Updated: Mar 26, 2021

by Caitlin Wilson

No matter the level of athlete, from high school to the pros, everyone is always trying to reach their best version of play out on the field, their most efficient performance. But when it comes to time off the pitch, most athletes neglect to make the most of their time and rest properly. Athletes forget that a large part of how they perform in-game is in large part affected by their time spent on during breaks from exercising and practices. So, this article is dedicated to exemplifying a few ways in which committed athletes can improve their recovery habits and get the most out of their resting.

The all-important subject to understand before diving too deep into resting activities is that athletes need time to rest. Taking a day off here-and-there will not deteriorate all the progress you have made previously, even professional athletes use this method to ease up before and after periods of physically demanding days. Muscles and the nervous system need adequate time to heal and repair themselves in-between high-intensity activity. This is not to say that entire days off are needed though if you prefer to exercise every day. For instance, working out early in the morning one day and at night the next allows for much needed intervals of downtime.

Another method that many athletes use to sufficiently prepare for games the following day or straining movement is to hydrate 24 hours before the said activity. Some athletes try to cram in hydration right before or during a match, and while drinking water or a sports drink before, at breaks, and after a game is not a bad idea, hydrating the day before more properly prepares the body for the intense activity that comes with the sport. Most health experts recommend that drinking 64 ounces, or half a gallon, of water a day. If you plan on doing extreme exercise however this increases substantially by almost double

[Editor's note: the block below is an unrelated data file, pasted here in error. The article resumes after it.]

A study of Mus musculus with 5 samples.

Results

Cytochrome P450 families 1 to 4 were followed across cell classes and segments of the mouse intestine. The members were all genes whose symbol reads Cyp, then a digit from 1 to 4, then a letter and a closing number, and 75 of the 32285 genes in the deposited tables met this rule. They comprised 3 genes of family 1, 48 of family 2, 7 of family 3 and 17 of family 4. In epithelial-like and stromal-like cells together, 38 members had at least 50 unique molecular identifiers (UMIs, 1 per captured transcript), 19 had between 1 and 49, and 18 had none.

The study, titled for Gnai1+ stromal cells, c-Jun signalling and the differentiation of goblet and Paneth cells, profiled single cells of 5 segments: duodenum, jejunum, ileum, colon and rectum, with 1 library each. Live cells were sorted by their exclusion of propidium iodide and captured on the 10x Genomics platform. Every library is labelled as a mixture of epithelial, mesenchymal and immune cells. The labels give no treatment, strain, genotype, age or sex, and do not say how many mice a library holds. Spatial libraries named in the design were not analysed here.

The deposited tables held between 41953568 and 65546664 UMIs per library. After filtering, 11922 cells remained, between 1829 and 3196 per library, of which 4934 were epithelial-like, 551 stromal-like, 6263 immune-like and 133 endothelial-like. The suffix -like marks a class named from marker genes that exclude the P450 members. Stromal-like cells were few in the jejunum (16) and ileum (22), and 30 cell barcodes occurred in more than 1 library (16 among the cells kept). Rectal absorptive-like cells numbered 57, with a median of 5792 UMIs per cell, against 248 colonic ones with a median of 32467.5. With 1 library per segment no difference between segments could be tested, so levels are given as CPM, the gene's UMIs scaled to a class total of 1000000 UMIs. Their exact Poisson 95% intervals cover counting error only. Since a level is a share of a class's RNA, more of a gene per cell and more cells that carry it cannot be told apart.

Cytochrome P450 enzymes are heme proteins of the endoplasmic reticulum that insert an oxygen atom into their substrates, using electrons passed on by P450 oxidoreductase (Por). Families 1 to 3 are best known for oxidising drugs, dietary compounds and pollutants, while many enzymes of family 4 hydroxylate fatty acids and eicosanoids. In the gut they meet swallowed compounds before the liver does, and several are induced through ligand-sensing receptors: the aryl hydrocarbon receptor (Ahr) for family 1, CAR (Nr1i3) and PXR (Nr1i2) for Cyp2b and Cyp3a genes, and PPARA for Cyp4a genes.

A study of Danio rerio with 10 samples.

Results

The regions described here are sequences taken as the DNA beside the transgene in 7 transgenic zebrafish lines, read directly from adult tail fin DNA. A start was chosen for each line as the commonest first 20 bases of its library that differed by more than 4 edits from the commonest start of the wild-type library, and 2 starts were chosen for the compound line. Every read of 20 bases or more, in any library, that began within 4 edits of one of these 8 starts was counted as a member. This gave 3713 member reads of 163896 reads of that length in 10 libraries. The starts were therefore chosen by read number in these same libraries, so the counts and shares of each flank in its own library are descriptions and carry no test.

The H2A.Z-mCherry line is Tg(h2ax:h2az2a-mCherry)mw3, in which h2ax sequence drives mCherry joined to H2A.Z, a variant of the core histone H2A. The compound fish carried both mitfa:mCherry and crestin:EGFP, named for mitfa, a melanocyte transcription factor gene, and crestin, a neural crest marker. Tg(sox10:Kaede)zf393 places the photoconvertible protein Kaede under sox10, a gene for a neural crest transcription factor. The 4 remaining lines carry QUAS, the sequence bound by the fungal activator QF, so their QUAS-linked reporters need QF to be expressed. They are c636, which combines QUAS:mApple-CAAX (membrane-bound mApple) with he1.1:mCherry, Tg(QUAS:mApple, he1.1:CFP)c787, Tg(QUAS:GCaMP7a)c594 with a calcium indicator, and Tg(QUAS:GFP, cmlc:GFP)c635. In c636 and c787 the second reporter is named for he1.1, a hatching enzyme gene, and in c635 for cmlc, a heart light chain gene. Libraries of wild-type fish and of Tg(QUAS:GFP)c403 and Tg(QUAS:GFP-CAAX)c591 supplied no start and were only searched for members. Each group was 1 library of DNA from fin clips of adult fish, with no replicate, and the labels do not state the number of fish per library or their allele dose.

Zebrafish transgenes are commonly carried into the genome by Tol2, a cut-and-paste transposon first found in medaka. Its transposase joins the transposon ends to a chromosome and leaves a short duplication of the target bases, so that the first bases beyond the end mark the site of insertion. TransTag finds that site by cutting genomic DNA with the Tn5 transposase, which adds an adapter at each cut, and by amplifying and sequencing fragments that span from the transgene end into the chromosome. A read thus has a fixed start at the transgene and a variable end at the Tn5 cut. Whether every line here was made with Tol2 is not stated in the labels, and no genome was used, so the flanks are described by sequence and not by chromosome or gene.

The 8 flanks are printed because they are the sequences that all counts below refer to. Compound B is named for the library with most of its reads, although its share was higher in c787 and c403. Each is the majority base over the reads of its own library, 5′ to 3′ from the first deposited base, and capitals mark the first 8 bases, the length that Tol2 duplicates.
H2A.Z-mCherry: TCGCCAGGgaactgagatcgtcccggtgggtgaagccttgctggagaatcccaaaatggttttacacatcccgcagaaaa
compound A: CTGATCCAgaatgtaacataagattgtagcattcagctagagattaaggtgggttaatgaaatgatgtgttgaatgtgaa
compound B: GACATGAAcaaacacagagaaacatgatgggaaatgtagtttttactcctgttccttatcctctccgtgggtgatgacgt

One routine that most professionals sports teams emphasize that is often overlooked at lower sport levels is the subject of stretching. Every time, prior to and after exercise, athletes should always take at least a few minutes to stretch. This prepares the muscles and ligaments for motion or eases them off the abrupt stop in activity. Doing even a couple of stretches can significantly reduce the chance of injury or strain which allows athletes more time to play than recovering from the brutal injuries prominent in most sports. Practicing both static and dynamic stretches together decreases this injury-prone probability as well.

A few final techniques that can drastically enhance game performance are easy to introduce into your daily routine too. Getting the correct amount of sleep for yourself is always a bona fide recommendation by health officials. Additionally, implementing the use of compression garments such as sleeves or pants into workouts is a well-established method of muscle relaxation used mainly in baseball, but is now carrying across to the majority of sports. Furthermore, to add on to the idea of stretching, massaging out sore muscles either by yourself on a foam roller or by a professional helps break up knots in muscles. Even something as simple as elevating your legs after activity can greatly improve one’s future physical capacity.

In summation, providing time off for yourself and your body to rest from the strenuous sporting world of athletes is a must. Moreover, mental and physical rest are equally important in enabling your cells and muscles to recover. Making sure that you are mentally focused and physically capable of exercise are the most consequential objectives in refining an athlete’s on-field ability and getting them to their peak performance.